Early Bartók

More views of - or before - Cambridge Film Festival 2012

A report from The Aldeburgh Festival:

The piano quintet by Bartók, apparently written 1903 to 1904 (and revised in 1920), is not even like the early string quartets in sounding like Bartók - except perhaps in the wicked dissonances of the second movement and, as it developed, its rhythmicity.

This piece, in four movements (the third and fourth linked), sounded initially as though the main influence had been Brahms, though it did not sound like Brahms, but another composer, aware of his piano quintet. As it progressed, though there were even vague hints of Chopin’s writing for orchestra and piano, and stronger ones of Dvorak (particularly the Dumky piano trio) and Tchaikovsky (Piano Trio No. 1), but the main person, perhaps, without whom this could not have been written was Liszt.

Obviously, in common with Dvorak, a composer who acknowledged folk music in his work, but, for me, the signs of Liszt at play were in the phrasing, the attack when the piano planted chords of its own as complement to that of the strings, and the sheer exuberance of cutting loose.

It would not have been, in true Lisztian style, for the piano to support the string texture so much, and supply it with patterns, motifs and melodies that the strings did not exactly took over, but maybe worked through with the piano, but I nonetheless see his thought-world in the making of this piece. Especially in one moment, I think in the third movement, where the piano doodles with some trills and a few related notes, and from this, as if magically (yet contrarily organically), a melody emerged.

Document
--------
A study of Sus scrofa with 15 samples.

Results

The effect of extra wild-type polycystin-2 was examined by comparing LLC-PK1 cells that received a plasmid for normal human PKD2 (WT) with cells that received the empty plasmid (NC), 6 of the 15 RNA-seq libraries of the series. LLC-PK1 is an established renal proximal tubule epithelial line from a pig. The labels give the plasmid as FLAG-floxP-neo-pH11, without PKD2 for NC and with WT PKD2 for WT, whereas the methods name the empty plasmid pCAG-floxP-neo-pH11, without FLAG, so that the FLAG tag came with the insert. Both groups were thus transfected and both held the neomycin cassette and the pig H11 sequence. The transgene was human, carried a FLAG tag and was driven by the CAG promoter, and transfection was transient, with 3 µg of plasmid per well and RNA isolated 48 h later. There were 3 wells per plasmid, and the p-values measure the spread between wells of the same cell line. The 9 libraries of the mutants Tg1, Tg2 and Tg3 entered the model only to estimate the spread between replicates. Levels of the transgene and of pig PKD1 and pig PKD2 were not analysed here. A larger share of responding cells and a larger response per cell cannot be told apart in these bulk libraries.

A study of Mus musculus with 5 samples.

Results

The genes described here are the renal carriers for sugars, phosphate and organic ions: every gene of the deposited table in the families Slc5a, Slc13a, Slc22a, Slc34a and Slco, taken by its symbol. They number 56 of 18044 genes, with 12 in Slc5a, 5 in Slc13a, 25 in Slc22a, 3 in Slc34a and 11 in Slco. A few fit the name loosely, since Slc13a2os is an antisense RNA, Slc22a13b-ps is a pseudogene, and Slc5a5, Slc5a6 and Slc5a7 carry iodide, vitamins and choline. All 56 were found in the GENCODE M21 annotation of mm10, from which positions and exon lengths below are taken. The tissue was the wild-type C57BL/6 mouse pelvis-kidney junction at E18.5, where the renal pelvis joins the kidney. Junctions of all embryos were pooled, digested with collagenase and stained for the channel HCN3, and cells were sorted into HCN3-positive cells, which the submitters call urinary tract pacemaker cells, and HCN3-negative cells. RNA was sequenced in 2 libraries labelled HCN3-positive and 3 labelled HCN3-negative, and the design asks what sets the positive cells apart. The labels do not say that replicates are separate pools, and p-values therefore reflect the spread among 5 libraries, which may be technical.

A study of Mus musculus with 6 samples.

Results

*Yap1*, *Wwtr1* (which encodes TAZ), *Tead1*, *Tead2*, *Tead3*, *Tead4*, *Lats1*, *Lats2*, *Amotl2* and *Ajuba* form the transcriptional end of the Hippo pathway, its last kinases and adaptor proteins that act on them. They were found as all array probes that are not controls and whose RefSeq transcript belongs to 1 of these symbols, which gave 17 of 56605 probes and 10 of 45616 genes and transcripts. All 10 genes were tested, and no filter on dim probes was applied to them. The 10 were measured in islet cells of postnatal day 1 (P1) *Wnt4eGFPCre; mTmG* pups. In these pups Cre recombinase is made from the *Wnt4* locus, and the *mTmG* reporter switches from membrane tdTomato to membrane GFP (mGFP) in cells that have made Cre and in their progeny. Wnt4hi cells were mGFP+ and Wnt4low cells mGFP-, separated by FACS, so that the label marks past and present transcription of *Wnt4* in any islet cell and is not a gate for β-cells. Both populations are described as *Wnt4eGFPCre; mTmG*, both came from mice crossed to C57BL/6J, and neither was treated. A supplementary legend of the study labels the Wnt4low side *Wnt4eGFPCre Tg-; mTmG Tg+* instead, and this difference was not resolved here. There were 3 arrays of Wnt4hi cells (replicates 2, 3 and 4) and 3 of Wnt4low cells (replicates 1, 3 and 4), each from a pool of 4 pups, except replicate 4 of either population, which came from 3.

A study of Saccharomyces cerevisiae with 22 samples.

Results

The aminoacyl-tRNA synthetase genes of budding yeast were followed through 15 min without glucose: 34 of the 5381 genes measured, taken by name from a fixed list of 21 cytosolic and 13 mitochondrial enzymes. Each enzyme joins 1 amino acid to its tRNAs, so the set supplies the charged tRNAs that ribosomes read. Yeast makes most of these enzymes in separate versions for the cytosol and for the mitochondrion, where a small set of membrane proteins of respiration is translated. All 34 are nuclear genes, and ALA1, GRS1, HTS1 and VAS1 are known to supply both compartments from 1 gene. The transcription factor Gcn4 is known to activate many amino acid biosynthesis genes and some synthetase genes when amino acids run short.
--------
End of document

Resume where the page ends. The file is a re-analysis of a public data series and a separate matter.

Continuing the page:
Maybe there aren’t many recordings of this (I’d be surprised if there were), and maybe the magic of to-night’s playing by Tamara Stefanovich and The Keller Quartet wouldn’t be matched, but I shall be looking into this piece a little further – and not just to see if anyone else agrees with me about what was in Bartók’s mind and soul at the time!

Afterwards came a performance of the composer's Sonata for Two Pianos and Percussion, admirably performed when Stefanovich was joined by Pierre-Laurent Aimard and by Daniel Ciampolini and Sawm Walton. It was a long time, too long to name, since I had heard this piece, and the first time to hear it live.

Infected though I was by what Richard Sennett had written in the programme about his lecture the following day to the effect that members of the audience, not just the performers, can be anxious that something will go wrong, I managed to put from my mind the notion that Ciampolini might come in at the wrong place or miss it altogether by concentrating on the pianists, and I had one the musical experiences of a lifetime, even confusing, though I was, the Piano Concerto No. 1 and even the Musi for Percussion, Strings and Celeste as to what came next.

The smile on my face said it all, and the rest of the audience were just as enthusiastic with their applause.